Let it Flow: A Quick Lesson in Optimal Experience

About the Author: Eric Cressey

By: Nate Green

Psychology has always fascinated me. At the deepest level, I figure if you can understand how people think—what motivates, aggravates, and incapacitates their total progress, whether in the gym, the kitchen, on the field, or in any faculty of life, really—it’s easier and more exciting to coach them while having a significantly more powerful impact on their overall performance.

So, like EC and his somewhat scary, lustful quest for knowledge obtained from training, coaching, and business books, I’m pretty much a psychology whore—except I’m a much higher grade prostitute than Eric “dirty boy” Cressey – but don’t tell him that!

It’s with this in mind that I would like to introduce an interesting “smack-your-forehead-obvious-but-rarely-elaborated” concept to you: the process of flow.  Coined by renowned psychologist, Mike Csikszentmihalyi (pronounced “cheeks sent me high”), flow describes a state in which one is so completely engaged with a favorable, enjoyable task that time seems to stop.

Now, while that may sound all well and good, Csikszentmihalyi is careful to differentiate between pleasures and enjoyments as they pertain to flow.  While pleasures are seen more as consumption oriented activities that satisfy biological needs—bodily pleasures such as delectable tastes, soothing sounds, orgasms, and the like—enjoyments (or gratifications) are categorized as building psychological capital. Simply put, enjoyments, while they may not bring about intense bodily pleasures at the moment, cause us to invest in absorption and a feel a greater sense of accomplishment in retrospect.

Here are the components of flow:

  • The task is challenging and require skill
  • We concentrate
  • There are clear goals
  • We get immediate feedback
  • We have a deep involvement
  • There is a sense of control
  • Time stops

As Dr. Martin Seligman points out in his book Authentic Happiness, “…flow is a frequent experience for some, but this state visits many others rarely if at all.”  I believe that those of us into this whole “fitness thing” experience flow on a much more regular basis than the average individual.  Whether we’re gasping for air after our last set of squats, taking our third lap around the track, or sinking into a hot, Epsom salt bath, I think it’s safe to say that fitness enthusiasts, whether athletes or weekend warriors, are constantly engaged in a sort of flow continuum.

Take a look back up to the list of components.  Which ones describe the way you feel while in the gym or playing your sport?  All of them?  Good.  Personally, I couldn’t imagine not being dedicated to lifestyle that brings about such high ‘psychological capital’.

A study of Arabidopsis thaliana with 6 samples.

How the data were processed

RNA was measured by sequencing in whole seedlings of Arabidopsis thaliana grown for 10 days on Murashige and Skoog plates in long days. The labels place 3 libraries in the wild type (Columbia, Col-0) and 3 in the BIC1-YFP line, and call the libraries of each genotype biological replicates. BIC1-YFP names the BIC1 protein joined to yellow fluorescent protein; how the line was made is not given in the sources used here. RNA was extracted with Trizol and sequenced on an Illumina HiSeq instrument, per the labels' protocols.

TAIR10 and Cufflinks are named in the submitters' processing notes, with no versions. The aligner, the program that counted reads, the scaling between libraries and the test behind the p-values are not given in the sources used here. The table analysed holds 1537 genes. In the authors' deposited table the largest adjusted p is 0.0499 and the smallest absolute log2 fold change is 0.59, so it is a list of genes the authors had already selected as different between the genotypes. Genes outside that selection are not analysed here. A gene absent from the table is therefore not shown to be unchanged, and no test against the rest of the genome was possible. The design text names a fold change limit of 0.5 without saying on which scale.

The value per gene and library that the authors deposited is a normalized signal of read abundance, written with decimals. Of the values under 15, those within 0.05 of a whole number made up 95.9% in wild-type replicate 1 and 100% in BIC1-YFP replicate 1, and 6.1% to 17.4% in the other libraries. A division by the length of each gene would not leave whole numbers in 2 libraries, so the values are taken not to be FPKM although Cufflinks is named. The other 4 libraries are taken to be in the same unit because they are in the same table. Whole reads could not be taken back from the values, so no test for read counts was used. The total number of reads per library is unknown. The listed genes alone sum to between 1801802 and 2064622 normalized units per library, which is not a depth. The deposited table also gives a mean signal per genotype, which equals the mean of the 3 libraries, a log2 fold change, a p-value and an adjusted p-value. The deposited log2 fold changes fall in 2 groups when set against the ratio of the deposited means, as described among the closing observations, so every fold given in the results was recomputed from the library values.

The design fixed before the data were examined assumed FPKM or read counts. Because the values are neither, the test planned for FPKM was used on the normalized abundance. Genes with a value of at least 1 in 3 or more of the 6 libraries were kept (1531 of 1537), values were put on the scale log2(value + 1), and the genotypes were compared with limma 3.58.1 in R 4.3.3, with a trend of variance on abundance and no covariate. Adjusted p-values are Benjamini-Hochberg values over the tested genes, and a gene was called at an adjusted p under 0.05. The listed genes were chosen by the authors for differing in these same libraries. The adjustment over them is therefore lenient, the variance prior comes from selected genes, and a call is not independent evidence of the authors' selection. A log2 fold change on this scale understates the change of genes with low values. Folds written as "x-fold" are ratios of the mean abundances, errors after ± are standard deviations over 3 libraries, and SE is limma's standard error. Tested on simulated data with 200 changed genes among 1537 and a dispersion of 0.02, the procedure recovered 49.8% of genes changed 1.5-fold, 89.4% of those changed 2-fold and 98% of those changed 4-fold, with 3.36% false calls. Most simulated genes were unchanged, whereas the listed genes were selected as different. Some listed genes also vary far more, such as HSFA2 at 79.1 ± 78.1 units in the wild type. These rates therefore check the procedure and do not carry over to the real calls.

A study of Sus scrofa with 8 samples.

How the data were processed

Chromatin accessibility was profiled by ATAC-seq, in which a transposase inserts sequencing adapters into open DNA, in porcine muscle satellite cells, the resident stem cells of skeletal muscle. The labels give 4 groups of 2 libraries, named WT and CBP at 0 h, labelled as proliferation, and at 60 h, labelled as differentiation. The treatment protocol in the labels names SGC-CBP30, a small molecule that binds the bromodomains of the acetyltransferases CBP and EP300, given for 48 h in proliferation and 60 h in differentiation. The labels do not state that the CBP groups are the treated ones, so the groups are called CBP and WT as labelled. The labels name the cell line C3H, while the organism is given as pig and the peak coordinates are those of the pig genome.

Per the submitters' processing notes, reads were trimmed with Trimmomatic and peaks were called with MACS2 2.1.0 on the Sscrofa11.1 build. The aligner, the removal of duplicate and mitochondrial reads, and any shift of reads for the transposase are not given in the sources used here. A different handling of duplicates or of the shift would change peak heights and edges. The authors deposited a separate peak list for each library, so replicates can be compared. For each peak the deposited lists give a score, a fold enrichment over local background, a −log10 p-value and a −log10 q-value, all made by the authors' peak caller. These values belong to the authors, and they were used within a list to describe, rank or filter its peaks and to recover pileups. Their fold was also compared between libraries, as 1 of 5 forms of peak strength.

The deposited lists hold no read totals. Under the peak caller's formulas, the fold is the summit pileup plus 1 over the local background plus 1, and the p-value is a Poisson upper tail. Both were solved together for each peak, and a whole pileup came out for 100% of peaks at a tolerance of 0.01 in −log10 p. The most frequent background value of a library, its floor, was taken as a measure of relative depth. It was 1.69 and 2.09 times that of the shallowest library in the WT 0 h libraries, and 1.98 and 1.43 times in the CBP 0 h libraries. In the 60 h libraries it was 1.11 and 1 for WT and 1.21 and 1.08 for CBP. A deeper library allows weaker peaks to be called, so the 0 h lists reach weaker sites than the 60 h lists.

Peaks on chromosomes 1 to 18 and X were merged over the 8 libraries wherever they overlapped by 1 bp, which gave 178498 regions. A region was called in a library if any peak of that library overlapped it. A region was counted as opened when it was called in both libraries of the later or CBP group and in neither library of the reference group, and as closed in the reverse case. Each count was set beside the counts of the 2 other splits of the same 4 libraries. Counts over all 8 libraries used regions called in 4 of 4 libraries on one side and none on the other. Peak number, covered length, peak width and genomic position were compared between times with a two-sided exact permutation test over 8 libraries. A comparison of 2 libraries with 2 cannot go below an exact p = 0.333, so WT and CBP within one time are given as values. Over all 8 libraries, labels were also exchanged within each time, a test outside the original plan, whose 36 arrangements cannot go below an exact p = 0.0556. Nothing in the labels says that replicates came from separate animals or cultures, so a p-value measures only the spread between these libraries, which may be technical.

Seligman writes, “While we moderns have lost the distinction between the pleasures and gratifications, the golden age Athenians were keen on it.  For Aristotle, distinct from bodily pleasures (eudaimonia) is akin to grace in dancing.  Grace is not an entity that accompanies the dance or comes at the end of the dance; it is part and parcel of a dance well done.”

That’s good stuff.

However, while both Seligman and Csikszentmihalyi separate pleasure from flow, I beg to differ slightly.  While they’re both incredibly intelligent and renowned psychologists, I have reason to suspect that their physical conditioning may not be quite up to par with their “mental muscle.”

Now, if you have Dr. John Berardi’s Precision Nutrition program (which you should), you know all too well that your meals can be both pleasurable (with the right spices and food combinations) and gratifying (with the right macronutrient balance and other healthy effects).  And, if you’ve ever been under hundreds of pounds of iron, you know that the cold bar against your hands just feels right, the way it bends just looks cool, the inhalation of chalk dust just smells, well, chalky. But along with those simple pleasures come the other enjoyable consequences (consequences can be defined as either negative or positive) associated with weight training: better body composition, proper and realistic goal setting, and increased psychological capital and motivation to just set the bar higher.

If you get a “rush” or a “high” from training, good for you; now you know that you’re also building a strong foundation of good habits, strength in every respect, and a strong base upon which you can build.  When the bar hits the ground, inhale deeply and let the whole experience flow right through you.

Just don’t forget to exhale.

About the Author

Nate Green is a member of the Advisory Team for Maximum Fitness magazine, holds a black belt in Tae Kwon Do, and is a NFPT certified trainer who works with clients in his hometown of Whitefish, Montana.  He is currently reading everything on which he can get his hands, constantly pestering industry professionals for advice, and preparing to make a splash in the fitness realm. You can contact Nate at nategreen03@hotmail.com.